Left: Yevgeniy Fiks, Beat the Whites with the Red Wedge (Red), 2015. Screenprint, 30 x 36 in. Right: Anton Ginzburg, Zaum ESL#2, 2017. Anodized print on aluminum. 12 x 24 inches. © 2017 the artists.
Russian Revolution: A Contested Legacy
October 12–December 16, 2017
Opening: Thursday, October 12, 6–8pm
Press & member preview: 5pm
International Print Center New York
508 West 26th Street, 5th Floor
New York, NY 10001
Curated by Masha Chlenova
International Print Center New York (IPCNY) is pleased to present Russian Revolution: A Contested Legacy. Commemorating the centennial of the 1917 Russian Revolution, this scholarly exhibition looks beyond the canon of the Russian avant-garde to focus on three avenues of individual freedoms sought by the fledgling socialist society: the equality and emancipation of women; internationalism, including racial equality and the rights of ethnic minorities in Russia, especially Jews; and sexual and gay liberation.
By placing a selection of historical printed works by key Russian avant-garde artists of the 1920s and 1930s in dialogue with contemporary works by Russian-born, New York-based artists Yevgeniy Fiks and Anton Ginzburg, the exhibition evaluates these often-obscured goals of the Revolution and addresses their continued urgency today—in Russia, the United States, and elsewhere.
The historical component of the exhibition, which features posters, book covers, journals, and illustrations by some of the most well-known names of the Russian avant-garde, including Gustav Klucis, El Lissitzky, and Elizaveta Ignatovich, alongside more obscure artists of the movement, exemplifies the print medium’s preeminent role in Soviet revolutionary society as the most accessible means for disseminating social and political ideals on a broad scale.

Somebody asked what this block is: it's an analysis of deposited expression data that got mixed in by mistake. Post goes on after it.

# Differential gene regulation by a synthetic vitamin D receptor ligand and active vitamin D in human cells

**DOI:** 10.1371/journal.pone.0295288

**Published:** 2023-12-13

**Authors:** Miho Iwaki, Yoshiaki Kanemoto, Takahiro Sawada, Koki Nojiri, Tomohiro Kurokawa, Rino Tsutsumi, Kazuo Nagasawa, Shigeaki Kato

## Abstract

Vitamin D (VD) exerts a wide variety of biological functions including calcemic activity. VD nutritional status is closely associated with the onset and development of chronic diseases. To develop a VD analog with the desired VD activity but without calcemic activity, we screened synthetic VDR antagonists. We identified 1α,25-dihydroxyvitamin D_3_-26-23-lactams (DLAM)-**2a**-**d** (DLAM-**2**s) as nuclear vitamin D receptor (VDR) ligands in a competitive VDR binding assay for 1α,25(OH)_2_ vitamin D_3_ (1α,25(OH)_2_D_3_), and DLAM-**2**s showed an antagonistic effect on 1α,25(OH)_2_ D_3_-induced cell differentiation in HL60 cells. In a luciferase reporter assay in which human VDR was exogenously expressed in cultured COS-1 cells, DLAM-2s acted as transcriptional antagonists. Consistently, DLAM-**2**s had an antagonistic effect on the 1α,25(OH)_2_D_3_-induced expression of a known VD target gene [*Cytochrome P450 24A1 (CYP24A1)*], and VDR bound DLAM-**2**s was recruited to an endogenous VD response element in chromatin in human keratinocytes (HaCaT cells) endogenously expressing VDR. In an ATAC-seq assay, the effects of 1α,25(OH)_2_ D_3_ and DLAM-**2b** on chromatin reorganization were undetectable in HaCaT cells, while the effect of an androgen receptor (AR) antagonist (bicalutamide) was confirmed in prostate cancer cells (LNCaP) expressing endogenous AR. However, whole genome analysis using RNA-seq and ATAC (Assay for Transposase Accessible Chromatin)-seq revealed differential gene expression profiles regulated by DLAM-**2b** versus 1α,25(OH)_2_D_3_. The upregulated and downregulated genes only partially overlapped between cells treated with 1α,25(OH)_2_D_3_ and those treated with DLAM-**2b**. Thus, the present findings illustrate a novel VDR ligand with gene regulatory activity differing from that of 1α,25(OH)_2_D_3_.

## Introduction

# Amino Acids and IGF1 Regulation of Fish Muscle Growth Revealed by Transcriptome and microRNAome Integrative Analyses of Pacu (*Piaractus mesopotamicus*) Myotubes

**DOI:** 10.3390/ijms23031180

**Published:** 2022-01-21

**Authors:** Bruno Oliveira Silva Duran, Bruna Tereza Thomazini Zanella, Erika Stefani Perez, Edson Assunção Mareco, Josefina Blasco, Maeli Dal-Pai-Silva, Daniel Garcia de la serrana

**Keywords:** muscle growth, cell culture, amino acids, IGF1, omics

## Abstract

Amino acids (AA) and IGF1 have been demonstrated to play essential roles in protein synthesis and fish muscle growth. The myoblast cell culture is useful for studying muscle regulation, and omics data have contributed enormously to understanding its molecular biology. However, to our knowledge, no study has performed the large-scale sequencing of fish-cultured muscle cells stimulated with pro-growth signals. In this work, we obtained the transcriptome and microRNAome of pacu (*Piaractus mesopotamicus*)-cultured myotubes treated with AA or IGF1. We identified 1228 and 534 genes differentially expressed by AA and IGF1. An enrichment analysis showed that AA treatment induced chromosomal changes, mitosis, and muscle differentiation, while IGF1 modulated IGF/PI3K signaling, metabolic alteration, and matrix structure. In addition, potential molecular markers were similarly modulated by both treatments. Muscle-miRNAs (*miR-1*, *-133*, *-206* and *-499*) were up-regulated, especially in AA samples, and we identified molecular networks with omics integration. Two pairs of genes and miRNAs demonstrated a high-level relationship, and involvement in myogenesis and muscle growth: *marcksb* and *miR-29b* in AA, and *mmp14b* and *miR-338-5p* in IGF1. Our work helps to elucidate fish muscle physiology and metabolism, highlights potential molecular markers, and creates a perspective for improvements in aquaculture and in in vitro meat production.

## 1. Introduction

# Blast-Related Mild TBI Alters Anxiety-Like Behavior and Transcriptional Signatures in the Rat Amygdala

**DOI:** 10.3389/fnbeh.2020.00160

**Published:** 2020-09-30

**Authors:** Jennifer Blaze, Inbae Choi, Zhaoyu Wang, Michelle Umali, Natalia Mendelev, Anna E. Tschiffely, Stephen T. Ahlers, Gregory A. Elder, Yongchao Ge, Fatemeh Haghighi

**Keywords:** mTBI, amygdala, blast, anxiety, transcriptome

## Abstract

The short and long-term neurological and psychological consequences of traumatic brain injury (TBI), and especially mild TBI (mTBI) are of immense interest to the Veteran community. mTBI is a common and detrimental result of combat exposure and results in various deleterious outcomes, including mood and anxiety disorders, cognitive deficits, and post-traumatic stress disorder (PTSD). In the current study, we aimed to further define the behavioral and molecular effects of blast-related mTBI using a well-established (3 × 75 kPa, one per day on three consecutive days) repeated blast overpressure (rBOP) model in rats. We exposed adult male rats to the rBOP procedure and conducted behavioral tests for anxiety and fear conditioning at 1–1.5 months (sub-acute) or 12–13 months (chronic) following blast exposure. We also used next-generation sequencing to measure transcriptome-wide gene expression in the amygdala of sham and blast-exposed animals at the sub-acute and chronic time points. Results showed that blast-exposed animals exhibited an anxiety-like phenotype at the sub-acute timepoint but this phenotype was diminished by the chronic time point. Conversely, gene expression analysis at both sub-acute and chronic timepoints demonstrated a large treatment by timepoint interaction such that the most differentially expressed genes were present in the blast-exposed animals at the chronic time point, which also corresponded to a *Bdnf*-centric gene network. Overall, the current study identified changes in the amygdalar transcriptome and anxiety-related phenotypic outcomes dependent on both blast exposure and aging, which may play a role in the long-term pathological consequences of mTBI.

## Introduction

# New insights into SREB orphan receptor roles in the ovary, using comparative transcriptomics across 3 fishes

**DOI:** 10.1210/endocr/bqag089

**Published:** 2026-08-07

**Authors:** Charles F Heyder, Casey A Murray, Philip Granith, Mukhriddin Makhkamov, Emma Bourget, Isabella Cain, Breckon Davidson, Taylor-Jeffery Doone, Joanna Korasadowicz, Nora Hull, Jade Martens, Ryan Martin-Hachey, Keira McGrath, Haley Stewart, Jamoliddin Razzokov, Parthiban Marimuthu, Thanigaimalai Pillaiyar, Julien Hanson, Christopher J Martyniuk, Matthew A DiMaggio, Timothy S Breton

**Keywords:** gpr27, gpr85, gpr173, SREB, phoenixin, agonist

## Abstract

The contemporary works on view prioritize the agency of Russian-born people to speak about Soviet history as personal history, and to address the Revolution’s legacy in all its complexity. In Yevgeniy Fiks’s Leniniana (2008) painting, the artist erases Lenin from the ubiquitous portrait of the revolutionary leader, familiar to every Soviet household through millions of printed reproductions, and thus reflects on the selective nature of historical memory. In his posters from the 2016 Meta-Constructivism series, Anton Ginzburg uses Russian Constructivist methodology to present current points of view on the central themes of that movement in the 1920s, such as sexual liberation, the creation of the Jewish Kultur League, and attempts to develop a universal language. By preserving the Revolution’s radically transformative impulses, and recognizing its limitations, both artists maintain the critical social stance still necessary in the ongoing struggle for individual freedoms worldwide.
October 28, 1–4pm: Political poster-making workshop with Yevgeniy Fiks and Bushwick Print Lab
November 28, 6:45pm and 9pm: Anton Ginzburg film screenings at Anthology Film Archive
November 30, 7pm: Performative reading organized by Yevgeniy Fiks, with curator talk at 6pm
December 1, all day: Conference at the Harriman Institute, Columbia University
Visit www.ipcny.org for more details.
International Print Center New York (IPCNY) is New York’s flagship non-profit arts institution dedicated to the innovative presentation of prints by emerging, established, national, and international artists. Founded in 2000, the print center is a vibrant hub and exhibition space located in New York’s Chelsea gallery district. IPCNY’s artist-centered approach engages the medium in all its varied potential, and includes guest-curated exhibitions that present dynamic, new scholarship as well as biannual New Prints open-call exhibitions for work created in the last twelve months. A lively array of public programs engages audiences more deeply with the works on display. A 501(c)(3) institution, IPCNY depends on foundation, government, and individual support, as well as members’ contributions to fund its programs.